DBV Technologies has all but solidified its runner up status in the race to bring a peanut allergy treatment on to the United States market. The French drug developer on Wednesday said it would resubmit an application to market its product — Viaskin Peanut — in the third quarter, after withdrawing its application late last year in response to FDA concerns about the state of manufacturing and quality control data submitted. Meanwhile, arch rival Aimmune’s treatment AR101 is currently under FDA review.
DBV $DBVT rescinded an application to market its peanut allergy patch on December 20, and the following day, Aimmune $AIMT submitted its application for peanut allergy immunotherapy AR101, in effect leapfrogging its competition for a first-mover shot at capturing the so far untapped market, which is expected to grow to $4.5 billion in 2027 globally, according to GlobalData. The US shutdown began on December 22 after President Trump insisted on $5.7 billion from Congress to build a wall on the southwest US border.
By mid-January, Aimmune said the health regulator had notified them that it would not be able to review the application until the lapse in appropriations ended. Ten days later, on January 25th, the government reopened, and the AR101 application was back in contention.
Baird’s Brian Skorney said DBV’s update made no difference to his expectations.
We continue to expect that, should Viaskin Peanut reach an AdCom, the anticipated prior approval of AR101 will eliminate the “there is nothing else available” argument for DBV Technologies and patient advocates, making it more difficult for these parties to make a strong case for approval of Viaskin Peanut, given the medication’s weak efficacy profile. We believe that this dynamic may ultimately prevent Viaskin Peanut from gaining regulatory approval, clearing the field for Aimmune’s AR101.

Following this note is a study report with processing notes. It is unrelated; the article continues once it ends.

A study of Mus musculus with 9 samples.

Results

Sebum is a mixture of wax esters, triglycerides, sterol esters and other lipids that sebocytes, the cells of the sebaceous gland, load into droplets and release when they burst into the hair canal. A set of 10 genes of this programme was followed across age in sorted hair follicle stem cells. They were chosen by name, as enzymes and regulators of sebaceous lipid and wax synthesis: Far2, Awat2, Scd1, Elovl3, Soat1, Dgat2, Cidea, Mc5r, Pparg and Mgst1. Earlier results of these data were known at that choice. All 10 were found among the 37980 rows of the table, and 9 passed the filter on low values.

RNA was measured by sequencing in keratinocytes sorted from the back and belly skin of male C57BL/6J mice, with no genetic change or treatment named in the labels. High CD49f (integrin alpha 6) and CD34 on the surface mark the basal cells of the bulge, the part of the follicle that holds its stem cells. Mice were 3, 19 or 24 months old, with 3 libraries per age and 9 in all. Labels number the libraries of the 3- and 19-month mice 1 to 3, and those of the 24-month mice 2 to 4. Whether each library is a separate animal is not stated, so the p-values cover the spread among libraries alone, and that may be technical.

Meanwhile, when Aimmune announced that the government shutdown had stymied its application, FDA commissioner Scott Gottlieb threw another spanner in the works, suggesting in a series of tweets that allergenic products are not covered by user-fees, and consequently do not qualify for the PDUFA process.
For Aimmune’s immunotherapy, there is no clarity on its PDUFA status, although the company is working with the agency to figure what the timeline for its review is, Skorney noted.
DBV’s Viaskin Peanut — which is derived from freeze-dried defatted peanut flour extracted from raw peanuts — is an allergenic extract and has secured the FDA’s breakthrough therapy designation (BTD) status. Jefferies analyst Eun Yang suggested that the treatment’s BTD status would prompt the FDA to complete its review under the priority review timeline, citing a regulatory expert. Viaskin Peanut is classified as a combination product, thus, it will be reviewed by the CBER (Center for Biologics Evaluation and Research) with consultation from the CDRH (Center for Devices and Radiological Health), although CDRH tends to be slow, Yang said, referring to the expert’s comments.
Leerink forecast a US market entry in 2021 for Viaskin Peanut “given the lack of (regulatory) visibility.”